Eye of the Beholder

Do you ever have moments when things just click? Several strands of thought weave together fluidly and something you’ve been mulling over becomes clear? That happened to me on Tuesday morning.


I’ve been skirting around the idea of being a vegetarian for almost a year now. We rarely cook meat at home and when we were still living in California, I was exclusively eating vegetarian. I had a number of strictly vegetarian or vegan friends which helped.

I fell off the bandwagon when we moved to the Midwest. We still eat primarily vegetarian at home, but there are a lot of great restaurants in Chicagoland and we’ve been eating out (and eating meat) a lot. I love trying new foods and I didn’t want to limit myself to only vegetarian food – no Caribbean goat curry, no crispy bacon, no juicy burgers, no fancy dry-aged steaks. Just thinking about it is making me hungry.

Still, I’ve felt this constant tug to stop making excuses and stick to my self-professed values. There are so many good reasons to eat vegetarian, from environmental impact to health benefits. The only compelling reason I have to eat meat is because I like it (a lot). That’s not a bad thing necessarily, but it’s a line of reasoning that requires some serious thought.



On a completely different topic, I started taking guitar lessons last month and I love it. Not because I’m any good at it – I stink actually. My attempt at “Twinkle Twinkle Little Star” sounds like a sloth casually strangling a cat: painfully slow yet jarringly screechy.

But learning how to play an instrument for the first time, reading sheet music, seeing the patterns that create songs, has changed how I listen to music in my day-to-day life. It’s like I’ve cracked open a door that been closed my whole life. Except it’s not just a door. It’s the wardrobe to Narnia and there’s a new universe full of rich experiences on the other side.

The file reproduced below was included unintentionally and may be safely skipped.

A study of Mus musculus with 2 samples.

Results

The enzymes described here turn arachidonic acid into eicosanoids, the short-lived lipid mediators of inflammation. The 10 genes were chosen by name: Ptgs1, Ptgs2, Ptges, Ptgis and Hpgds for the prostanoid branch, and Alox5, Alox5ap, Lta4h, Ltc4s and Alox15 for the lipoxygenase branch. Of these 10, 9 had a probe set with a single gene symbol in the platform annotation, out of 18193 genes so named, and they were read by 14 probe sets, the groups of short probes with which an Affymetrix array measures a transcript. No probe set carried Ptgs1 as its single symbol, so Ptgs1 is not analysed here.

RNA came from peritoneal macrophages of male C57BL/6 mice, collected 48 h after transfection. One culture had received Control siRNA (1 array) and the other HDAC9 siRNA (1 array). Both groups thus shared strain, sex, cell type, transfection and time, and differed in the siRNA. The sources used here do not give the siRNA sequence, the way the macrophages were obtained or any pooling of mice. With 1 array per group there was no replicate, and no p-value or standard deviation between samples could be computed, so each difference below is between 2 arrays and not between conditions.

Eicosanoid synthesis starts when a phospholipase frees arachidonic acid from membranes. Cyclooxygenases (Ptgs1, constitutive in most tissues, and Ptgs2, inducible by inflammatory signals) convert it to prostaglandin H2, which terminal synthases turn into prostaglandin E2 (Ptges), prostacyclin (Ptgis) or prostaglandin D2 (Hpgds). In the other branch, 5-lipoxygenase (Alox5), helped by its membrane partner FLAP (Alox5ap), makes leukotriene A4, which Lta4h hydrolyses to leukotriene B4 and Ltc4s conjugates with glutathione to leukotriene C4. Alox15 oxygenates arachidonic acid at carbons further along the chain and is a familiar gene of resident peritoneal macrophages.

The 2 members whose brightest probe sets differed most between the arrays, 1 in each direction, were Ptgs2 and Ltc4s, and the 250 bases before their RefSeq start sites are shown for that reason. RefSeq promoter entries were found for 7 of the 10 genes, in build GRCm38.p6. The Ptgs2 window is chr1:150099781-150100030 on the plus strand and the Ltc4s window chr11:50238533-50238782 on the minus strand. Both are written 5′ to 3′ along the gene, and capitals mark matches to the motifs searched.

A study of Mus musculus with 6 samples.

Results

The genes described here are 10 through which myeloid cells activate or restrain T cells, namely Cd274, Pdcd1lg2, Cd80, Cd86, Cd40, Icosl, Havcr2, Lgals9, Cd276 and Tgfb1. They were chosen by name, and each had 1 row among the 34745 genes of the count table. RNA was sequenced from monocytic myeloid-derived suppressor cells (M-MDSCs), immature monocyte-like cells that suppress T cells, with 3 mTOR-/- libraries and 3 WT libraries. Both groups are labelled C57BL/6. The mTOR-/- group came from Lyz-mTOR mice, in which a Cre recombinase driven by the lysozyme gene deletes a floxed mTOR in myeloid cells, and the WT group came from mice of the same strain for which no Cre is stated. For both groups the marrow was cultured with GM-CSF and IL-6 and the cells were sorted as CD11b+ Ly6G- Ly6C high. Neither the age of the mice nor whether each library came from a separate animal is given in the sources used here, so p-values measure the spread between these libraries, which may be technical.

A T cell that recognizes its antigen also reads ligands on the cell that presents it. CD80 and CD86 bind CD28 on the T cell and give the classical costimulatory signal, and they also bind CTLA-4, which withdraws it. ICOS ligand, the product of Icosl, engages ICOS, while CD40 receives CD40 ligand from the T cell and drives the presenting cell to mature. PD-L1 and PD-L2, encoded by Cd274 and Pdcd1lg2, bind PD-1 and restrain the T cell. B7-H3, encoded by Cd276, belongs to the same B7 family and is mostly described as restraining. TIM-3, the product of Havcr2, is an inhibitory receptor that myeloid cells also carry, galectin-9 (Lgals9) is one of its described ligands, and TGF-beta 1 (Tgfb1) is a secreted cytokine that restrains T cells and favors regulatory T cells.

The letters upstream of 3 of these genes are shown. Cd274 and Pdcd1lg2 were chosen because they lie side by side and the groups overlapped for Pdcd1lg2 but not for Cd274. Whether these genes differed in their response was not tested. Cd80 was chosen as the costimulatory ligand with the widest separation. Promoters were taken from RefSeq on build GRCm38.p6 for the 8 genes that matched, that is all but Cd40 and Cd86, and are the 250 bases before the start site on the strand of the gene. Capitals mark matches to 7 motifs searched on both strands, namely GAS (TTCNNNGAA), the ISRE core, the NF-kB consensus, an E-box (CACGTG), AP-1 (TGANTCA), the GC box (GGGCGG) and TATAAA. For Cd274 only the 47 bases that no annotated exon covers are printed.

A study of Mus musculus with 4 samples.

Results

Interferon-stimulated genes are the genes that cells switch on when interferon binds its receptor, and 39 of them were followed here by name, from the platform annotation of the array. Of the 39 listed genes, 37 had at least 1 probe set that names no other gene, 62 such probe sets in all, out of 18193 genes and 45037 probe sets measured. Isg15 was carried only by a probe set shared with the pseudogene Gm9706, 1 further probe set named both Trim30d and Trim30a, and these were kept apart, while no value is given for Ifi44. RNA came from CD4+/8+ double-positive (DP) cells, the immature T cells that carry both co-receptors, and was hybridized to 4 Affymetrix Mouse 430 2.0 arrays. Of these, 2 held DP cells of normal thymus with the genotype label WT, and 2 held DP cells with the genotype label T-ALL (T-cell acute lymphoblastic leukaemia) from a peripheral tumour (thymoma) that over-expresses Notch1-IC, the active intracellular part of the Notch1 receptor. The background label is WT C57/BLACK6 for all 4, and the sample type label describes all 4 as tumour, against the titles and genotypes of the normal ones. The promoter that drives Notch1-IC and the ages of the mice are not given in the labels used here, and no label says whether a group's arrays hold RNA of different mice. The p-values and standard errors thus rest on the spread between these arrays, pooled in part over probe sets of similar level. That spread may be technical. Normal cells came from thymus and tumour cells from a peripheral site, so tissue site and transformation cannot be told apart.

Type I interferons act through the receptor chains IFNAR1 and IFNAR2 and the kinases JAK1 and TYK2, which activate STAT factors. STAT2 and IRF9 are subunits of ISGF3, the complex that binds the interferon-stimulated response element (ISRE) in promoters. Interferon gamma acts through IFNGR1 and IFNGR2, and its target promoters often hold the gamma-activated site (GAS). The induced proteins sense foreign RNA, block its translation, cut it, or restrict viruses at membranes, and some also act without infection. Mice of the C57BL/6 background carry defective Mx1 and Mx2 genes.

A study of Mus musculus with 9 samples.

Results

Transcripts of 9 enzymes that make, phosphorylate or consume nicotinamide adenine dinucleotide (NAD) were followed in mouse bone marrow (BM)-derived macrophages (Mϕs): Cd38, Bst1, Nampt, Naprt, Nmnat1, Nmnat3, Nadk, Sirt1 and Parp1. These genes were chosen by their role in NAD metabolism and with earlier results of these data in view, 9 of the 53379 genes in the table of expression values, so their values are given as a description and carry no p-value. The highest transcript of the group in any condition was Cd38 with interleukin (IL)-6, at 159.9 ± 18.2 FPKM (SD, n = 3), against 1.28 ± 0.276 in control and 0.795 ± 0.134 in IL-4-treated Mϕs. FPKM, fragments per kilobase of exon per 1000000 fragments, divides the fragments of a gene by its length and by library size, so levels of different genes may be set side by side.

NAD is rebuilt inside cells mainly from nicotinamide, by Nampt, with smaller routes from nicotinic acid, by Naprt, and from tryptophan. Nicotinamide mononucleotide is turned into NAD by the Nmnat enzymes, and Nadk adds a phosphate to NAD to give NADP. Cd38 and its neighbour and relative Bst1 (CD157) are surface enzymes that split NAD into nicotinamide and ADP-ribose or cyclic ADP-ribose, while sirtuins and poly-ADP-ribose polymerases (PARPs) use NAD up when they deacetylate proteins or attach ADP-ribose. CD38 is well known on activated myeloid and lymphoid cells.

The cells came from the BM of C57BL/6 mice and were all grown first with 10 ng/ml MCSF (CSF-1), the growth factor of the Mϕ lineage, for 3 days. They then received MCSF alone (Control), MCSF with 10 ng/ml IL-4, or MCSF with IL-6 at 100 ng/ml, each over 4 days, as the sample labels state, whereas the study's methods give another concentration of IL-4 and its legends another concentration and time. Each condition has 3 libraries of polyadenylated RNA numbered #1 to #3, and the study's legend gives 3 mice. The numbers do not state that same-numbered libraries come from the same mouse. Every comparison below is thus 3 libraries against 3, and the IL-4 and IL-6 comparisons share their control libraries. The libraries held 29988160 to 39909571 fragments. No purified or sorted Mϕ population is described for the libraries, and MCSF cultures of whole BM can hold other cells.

I read recently that there is a neurological basis for this perception about music – it really is a different kind of human experience. MIT researchers showed for the first time that the neural circuitry that responds to music is distinct from the speech processing parts of the auditory cortex. Some evolutionary biologists argue that music preceded speech and perhaps language evolved from music. We are hardwired to take pleasure in music, though the biological imperative to do so is not entirely clear.


Back to Tuesday morning. After making my oatmeal and coffee, I sat down to eat breakfast and, as I was staring blankly at my kitchen shelves, I noticed a bright, clear reflection through the window on to a big, silver serving spoon.

It’s the simple things, I thought to myself, as I went to get my camera to take a picture of this cool inverted image. And I started to think about how much pleasure we get from such simple things. We seek them out, try to capture them in our memories and on film. They are the bright spots in our days, the objects of mindful meditation, the seeds of happy thoughts. This response, a refreshing flush of endorphins, is biological. Evolutionary. Older than old. So old that it’s not exclusively human?

If beautiful sights and sounds trigger deep, ancient circuits in my brain that give me pleasure, isn’t it possible that at least some animals can feel the same thing? The biological imperatives that drive me to seek out the sun and space and vibrant plant life, do they exist in animals too?

I’ve never really gone in for the animal rights arguments for vegetarianism. I’m not an animal person, never had any pets, don’t particularly like farms. The reasons behind my (aspiration to) vegetarianism are mostly about maximizing utility for humans, so the largest number of people can live their best lives.

This was the first time that I’ve really felt in my gut that it was wrong to deprive creatures of life, to deprive them of sunshine and open fields and breezes, for my benefit. I could read Peter Singer’s Animal Liberation a dozen times and still not feel as strongly as I did in that moment, when it finally clicked.

I kept asking myself, What happens when a baby cow looks at a blue sky? And, if it is in any way like what I feel, what right do I have to take that away?